Navy EOD Tech Chief Petty Officer Kenton Stacy, whose condition has been improving since an IED blast severely injured him back in November in Syria, will be transferred to the Houston TIRR Memorial Hermann SCI Unit.
"We are waiting on the referral to get approved and hoping Kenton will be transferred in as little as a few days to a couple weeks. The plan is to get Kenton off the vent and than he will be able to get the reconstruction of his Trachea. Kenton worked with a communication board yesterday with the speech pathologists. We are excited to get him moved so he can start rehabbing his spinal cord injury," Stacy's wife Lindsey told Channel 6 on Tuesday.
Read more of Stacy's original story below.
Navy EOD Tech Chief Petty Officer Kenton Stacy may be improving since an IED blast severely injured him in Syria, but he still has a long road ahead.
Channel 6 paid a visit to the Army's Institute of Surgical Research, or Burn Center, at Brooke Army Medical Center to speak with his family about his progress.
"He just says he wants to go home a lot, I feel like he's trapped in his own mind, having a lot of anxiety, says he can't breathe, he needs more air," said his high school sweetheart Lindsey.
Lindsey has been by his side every day, and she said Kenton's mom has been staying with her and the kids during Kenton's hospital stay.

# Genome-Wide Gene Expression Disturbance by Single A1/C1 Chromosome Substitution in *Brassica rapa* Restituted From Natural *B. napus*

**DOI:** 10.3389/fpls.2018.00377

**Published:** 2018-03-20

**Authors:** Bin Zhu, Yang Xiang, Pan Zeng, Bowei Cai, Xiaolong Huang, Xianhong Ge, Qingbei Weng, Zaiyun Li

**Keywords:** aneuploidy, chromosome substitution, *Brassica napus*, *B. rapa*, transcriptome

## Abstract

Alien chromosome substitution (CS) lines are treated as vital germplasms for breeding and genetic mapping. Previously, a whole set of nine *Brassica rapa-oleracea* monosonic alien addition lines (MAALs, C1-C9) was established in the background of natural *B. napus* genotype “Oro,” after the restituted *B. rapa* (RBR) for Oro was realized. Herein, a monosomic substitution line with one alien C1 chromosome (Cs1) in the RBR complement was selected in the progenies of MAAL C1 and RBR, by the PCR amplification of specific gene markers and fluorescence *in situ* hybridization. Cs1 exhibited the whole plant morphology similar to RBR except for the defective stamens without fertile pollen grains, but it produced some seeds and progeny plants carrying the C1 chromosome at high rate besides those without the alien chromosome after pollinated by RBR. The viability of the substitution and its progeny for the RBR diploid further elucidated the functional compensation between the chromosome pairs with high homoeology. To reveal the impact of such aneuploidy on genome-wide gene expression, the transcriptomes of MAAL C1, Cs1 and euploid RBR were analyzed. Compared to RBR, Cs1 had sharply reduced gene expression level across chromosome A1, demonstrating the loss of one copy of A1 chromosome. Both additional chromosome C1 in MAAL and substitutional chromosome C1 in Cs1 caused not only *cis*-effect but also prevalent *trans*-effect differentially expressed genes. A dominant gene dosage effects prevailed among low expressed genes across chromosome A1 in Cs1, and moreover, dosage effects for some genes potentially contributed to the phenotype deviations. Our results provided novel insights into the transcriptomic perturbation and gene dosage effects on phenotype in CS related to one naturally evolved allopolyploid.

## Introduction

Stacy was injured serving for the Operation Inherent Resolve campaign, supported by Fort Hood's III Corps and led by Commanding General Lieutenant General Paul Funk.
"(Stacy is) much more alert. He's has his surgeries on his eyes and he's blind in his left eye now," his wife said.
But Stacy's wife is still concerned for what lies ahead.
"Just thinking of the future scares me," Lindsey said.
Kenton is paralyzed at the moment -- a quadriplegic. But, Lindsey said her husband's C5 vertebrate is not completely severed, which means he could someday regain the ability to move.
"He's never been the anxious type, so this is something new," she told Channel 6 Military Reporter Jillian Angeline.
Two days a week, Lindsey brings one of their four children to see Kenton. She calls it a form of rehab. The kids interact with him at the inpatient gym inside the Burn Center.
"Our oldest who has cerebral palsy, he is more scared when he came in the other day, Mason is probably the best with him, he actually played games with him," Lindsey said.
It was Anna's turn on Friday.
"He's a great dad," said Lindsey. "Just breaks my heart to think he may never do those things again," referring to past videos she posted on the #StacyStrong Facebook page of Kenton playing with his kids.
Lindsey said walking through the doors of the hospital is a new norm, but hopes not for long. Looking forward a year from now, Lindsey said she hopes to be back with Kenton and the kids in San Diego.
For now, Kenton and his wife are lip reading with each other, taking it one day at a time with lots of help from doctors and specialists.
"It's just great to see the compassion and determination they have with my husband," Lindsey said.
Kenton may be headed to another medical facility to get more specialized treatment soon.